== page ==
Dirk Nowitzki is a prime example of the successful young players who don't go to college can have in the NBA. With the NBA reportedly mulling a potential change in the minimum age for players to enter the league from 19 back down to 18, that would allow players to make the leap to the NBA straight from high school and avoid the college route just like Nowitzki did to begin his career.
Nowitzki believes that lowering the NBA's minimum age is the right move for the league
Of course, not everyone will go on and have the same career that Nowitzki had, but there's proof that players can succeed in the NBA straight out of high school. Making them wait until they are 19 years old to make the jump into the league is becoming a hindrance to many players nowadays, which is why Nowitzki believes that the current system the NBA uses is outdated and needs to be changed.
"I think it's been sort of weird the last few years. Some guys are going off to Australia for one year, some guys are going to the G-League. I think you might as well have them come in out of high school if they're ready. The ways guys are doing it, they don't really want to go to college anyways, and if they do, at the end they are worried about getting hurt, then they don't play in the tournament… that's just silliness to me. So you might as well open it up if they are ready. The scouts will know, the kid will know, the family will know, and then we will go from there. But what's been happening the last few years, I don't think it's good for the game." - Dirk Nowitzki, In Depth With Graham Bensinger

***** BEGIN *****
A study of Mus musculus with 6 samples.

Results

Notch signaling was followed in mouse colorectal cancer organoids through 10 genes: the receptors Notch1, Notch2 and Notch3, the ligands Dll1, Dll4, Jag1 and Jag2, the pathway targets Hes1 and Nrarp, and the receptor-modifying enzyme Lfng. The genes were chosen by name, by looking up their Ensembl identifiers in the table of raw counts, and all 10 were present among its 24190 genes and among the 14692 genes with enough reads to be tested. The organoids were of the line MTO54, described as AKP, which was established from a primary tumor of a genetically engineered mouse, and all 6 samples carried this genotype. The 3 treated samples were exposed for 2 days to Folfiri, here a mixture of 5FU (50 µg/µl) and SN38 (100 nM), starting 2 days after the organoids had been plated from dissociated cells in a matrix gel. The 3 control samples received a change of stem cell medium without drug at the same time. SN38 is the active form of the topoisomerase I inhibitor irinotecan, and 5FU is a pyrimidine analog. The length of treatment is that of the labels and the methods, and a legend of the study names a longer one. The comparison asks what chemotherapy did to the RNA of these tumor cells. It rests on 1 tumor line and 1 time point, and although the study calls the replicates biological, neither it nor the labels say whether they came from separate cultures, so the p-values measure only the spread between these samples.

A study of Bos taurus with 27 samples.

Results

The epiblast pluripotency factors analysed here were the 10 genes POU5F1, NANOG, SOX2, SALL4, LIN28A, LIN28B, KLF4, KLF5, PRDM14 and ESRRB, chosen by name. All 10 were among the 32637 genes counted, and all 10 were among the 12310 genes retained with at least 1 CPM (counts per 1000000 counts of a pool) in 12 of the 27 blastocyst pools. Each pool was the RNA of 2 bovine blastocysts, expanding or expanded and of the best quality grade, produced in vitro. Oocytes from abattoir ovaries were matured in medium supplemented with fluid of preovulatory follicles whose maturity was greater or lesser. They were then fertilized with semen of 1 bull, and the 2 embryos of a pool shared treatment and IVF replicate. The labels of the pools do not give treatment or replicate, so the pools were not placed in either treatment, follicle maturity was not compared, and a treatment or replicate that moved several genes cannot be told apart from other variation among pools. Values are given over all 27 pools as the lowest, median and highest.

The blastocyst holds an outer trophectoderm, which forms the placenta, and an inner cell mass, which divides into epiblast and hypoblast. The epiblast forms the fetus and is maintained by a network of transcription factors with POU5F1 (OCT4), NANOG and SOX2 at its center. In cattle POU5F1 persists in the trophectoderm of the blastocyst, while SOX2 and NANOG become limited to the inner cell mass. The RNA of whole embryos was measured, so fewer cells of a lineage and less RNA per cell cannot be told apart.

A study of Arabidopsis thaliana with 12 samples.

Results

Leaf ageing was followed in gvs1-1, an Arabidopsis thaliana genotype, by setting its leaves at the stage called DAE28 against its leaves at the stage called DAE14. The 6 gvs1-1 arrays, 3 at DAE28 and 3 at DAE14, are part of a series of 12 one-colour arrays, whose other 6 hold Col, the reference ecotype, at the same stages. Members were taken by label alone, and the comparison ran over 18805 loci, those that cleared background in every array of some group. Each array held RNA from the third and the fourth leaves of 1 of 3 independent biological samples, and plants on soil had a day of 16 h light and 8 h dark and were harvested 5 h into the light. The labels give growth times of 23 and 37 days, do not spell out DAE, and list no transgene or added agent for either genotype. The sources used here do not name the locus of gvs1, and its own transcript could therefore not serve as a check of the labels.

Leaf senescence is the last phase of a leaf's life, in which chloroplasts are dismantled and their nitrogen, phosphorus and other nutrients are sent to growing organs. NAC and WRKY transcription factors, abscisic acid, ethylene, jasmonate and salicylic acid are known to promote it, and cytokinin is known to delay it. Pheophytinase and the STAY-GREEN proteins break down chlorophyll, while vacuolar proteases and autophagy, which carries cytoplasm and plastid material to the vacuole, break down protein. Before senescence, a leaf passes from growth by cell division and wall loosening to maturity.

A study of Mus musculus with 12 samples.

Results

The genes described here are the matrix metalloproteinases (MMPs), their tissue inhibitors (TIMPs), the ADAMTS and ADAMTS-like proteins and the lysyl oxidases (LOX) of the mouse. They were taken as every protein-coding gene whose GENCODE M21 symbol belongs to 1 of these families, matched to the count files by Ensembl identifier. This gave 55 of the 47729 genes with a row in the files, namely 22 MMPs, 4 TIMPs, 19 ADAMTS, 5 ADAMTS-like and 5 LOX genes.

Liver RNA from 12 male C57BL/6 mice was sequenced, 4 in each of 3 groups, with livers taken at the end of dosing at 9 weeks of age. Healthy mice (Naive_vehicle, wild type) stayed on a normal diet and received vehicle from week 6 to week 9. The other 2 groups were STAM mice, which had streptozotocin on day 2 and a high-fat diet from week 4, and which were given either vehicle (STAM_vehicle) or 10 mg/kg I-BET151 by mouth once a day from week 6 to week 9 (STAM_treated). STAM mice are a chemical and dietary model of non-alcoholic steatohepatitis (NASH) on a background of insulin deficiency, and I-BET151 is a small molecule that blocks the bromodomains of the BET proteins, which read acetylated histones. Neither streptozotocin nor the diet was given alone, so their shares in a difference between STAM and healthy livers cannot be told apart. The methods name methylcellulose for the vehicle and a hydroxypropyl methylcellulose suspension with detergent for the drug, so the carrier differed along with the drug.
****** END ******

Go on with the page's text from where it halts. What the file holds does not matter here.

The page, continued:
Nowitzki makes some good points on why the NBA should lower its minimum age requirement
There are some great points that Nowitzki made that likely explain why the NBA is considering the move. The main thing is that many top NBA prospects don't want to go to college anymore and are finding ways to avoid going entirely. Whether it's playing in the G-League or playing overseas, like Nowitzki mentions, if players are finding ways to avoid college already, what's the point of having the rule in place?
Nowitzki is also right in saying that this rule could be making the league worse. Some of these athletes are taking a full year off from competitive basketball to preserve their bodies and high draft stock, which is a lengthy layoff that professional athletes shouldn't willingly be undergoing. Making the jump from high school to the NBA is steep, to say the least, but it may be easier to do and ultimately more beneficial than taking a year off to avoid college.
Going from high school to the NBA isn't for everyone, and there will be some players who follow the college route regardless, but Nowitzki outlines some great points as to why this move would make a lot of sense for the league. It will be interesting to see whether or not the rule ends up being changed, as it would have a massive impact on the NBA one way or another.